HDMI education: What you don’t know about the latest technology could cost you
This post is sponsored by Metra Home Theater Group.
New releases in the home theater industry’s product technology are never ending! By the time you learn about the latest and greatest technology, it’s already being replaced with something newer and better. What you thought was emerging is now obsolete, and you haven’t even had time to review, no less educate yourself, on all the details of what’s changed.
This can be costly if you don’t know the details of the new HDMI 2.0 and 2.0A specs. Education is more important than ever due to the hot-button feature everyone is talking about: High Dynamic Resolution (HDR).
With all the hyperbole about this new technology being thrown around, along with the talk about new cable certifications, it’s easy to get confused quickly.
Here’s an example that occurred in our office last week. One of our staff members received a typical sales email from a manufacturer that read:
Good day. Attached is our HDMI 2.0 HDCP 2.2 100m extender (HDBaseT) for you.
Whoa, wait a minute! HDBaseT has upgraded to HDMI 2.0 and can therefore now support 4k/60, HDR and 4:4:4 color? Without a clear understanding of HDMI 2.0, 2.0A, 4K and HDR, one would think this HDBaseT was something to consider purchasing for use with the new 4K, HDR components because of the “HDMI 2.0” listed spec.
This email could cost your business money if you do not fully understand the HDMI 2.0A spec. HDMI 2.0 (and HDMI 2.0A) has a range of performance capabilities, and if a product falls within this range, companies can say it is HDMI 2.0-compliant. Yet if this product does not support the FULL RANGE of the HDMI 2.0A spec, the product will not support 4K/60, HDR and 4:4:4 color. The specs of this product tell the full story of just how much of the HDMI 2.0 spec this extender supports.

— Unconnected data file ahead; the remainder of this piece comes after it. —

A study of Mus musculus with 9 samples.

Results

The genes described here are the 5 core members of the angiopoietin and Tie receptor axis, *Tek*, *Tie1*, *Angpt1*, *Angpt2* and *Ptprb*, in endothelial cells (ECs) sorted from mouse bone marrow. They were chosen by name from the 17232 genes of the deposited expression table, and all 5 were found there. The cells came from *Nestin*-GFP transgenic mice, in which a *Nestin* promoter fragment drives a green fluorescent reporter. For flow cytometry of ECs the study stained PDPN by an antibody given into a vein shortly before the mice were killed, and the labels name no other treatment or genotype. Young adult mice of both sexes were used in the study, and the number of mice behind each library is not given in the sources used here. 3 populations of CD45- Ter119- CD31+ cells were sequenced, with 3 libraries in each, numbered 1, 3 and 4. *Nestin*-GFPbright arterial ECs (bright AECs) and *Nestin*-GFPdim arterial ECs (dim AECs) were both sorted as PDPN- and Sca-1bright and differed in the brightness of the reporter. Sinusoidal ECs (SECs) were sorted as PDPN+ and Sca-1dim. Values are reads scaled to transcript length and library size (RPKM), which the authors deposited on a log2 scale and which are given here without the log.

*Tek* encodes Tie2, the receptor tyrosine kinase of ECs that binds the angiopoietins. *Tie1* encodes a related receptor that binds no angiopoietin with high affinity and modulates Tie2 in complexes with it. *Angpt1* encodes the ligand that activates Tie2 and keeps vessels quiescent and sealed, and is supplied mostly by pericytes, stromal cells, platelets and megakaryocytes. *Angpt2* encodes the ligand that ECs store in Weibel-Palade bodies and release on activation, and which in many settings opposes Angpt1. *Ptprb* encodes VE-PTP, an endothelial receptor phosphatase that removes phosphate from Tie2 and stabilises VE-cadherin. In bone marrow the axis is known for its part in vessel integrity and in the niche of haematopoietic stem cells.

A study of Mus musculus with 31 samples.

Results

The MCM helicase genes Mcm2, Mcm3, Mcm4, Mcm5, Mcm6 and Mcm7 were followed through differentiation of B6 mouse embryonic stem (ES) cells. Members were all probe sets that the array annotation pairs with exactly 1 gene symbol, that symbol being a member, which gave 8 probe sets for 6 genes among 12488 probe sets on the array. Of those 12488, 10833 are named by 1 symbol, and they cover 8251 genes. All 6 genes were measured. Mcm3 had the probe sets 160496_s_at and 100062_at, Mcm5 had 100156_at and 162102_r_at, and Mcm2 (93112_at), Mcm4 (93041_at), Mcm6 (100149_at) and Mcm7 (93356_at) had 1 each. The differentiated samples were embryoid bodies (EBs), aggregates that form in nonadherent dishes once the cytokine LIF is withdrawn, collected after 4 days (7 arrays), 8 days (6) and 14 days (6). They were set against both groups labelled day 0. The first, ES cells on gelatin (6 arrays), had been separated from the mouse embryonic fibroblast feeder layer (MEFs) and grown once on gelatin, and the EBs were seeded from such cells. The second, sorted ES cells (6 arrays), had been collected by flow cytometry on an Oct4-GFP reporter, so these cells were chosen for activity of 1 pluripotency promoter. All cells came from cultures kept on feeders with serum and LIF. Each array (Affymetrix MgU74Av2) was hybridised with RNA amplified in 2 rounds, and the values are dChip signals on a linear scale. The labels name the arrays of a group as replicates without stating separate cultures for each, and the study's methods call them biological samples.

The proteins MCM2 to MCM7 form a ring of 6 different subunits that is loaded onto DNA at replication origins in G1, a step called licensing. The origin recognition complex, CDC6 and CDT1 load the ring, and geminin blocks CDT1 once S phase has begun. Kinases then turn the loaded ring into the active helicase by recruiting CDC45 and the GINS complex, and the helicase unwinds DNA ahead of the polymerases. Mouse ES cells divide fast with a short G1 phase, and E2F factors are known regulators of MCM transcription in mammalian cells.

Watch this video to learn how to upgrade your passive HDMI cables to this full HDR spec:
After reading the header, an installer’s translation of the above email from the manufacturer could be “Our HDBaseT extenders will support anything that you can throw at it.” Unfortunately that is not the case. HDBaseT will only work with in the older HDMI 1.4 10.2 Gbps spec, meaning this product will not support the full range of HDMI 2.0 spec up to 18 Gbps, and this full range is important because of HDR. HDR is without question the biggest change to picture quality since the introduction of High Definition. HDR itself is a technique used in imaging to reproduce a greater dynamic range of luminosity than possible with standard digital imaging techniques. This means that you and your client will see much greater definition in the depth of the picture and its shading.
To validate my comments, look at the data listed below that were part of the email mentioned above. The specs listed do not include the full range of HDMI 2.0A, and 18 Gbps isn’t listed anywhere:
So be careful when you read the specs if you see “HDMI 2.0” listed on a product. The product may not meet the specs you need for the installation you are working on. If full HDMI 2.0A spec is what you need, make sure that is what you are purchasing.
Information is key in staying on top of the home theater industry. Take five minutes to read more information about HDMI cables by checking out our white paper, “Why Construction of a HDMI Cable Is Important.”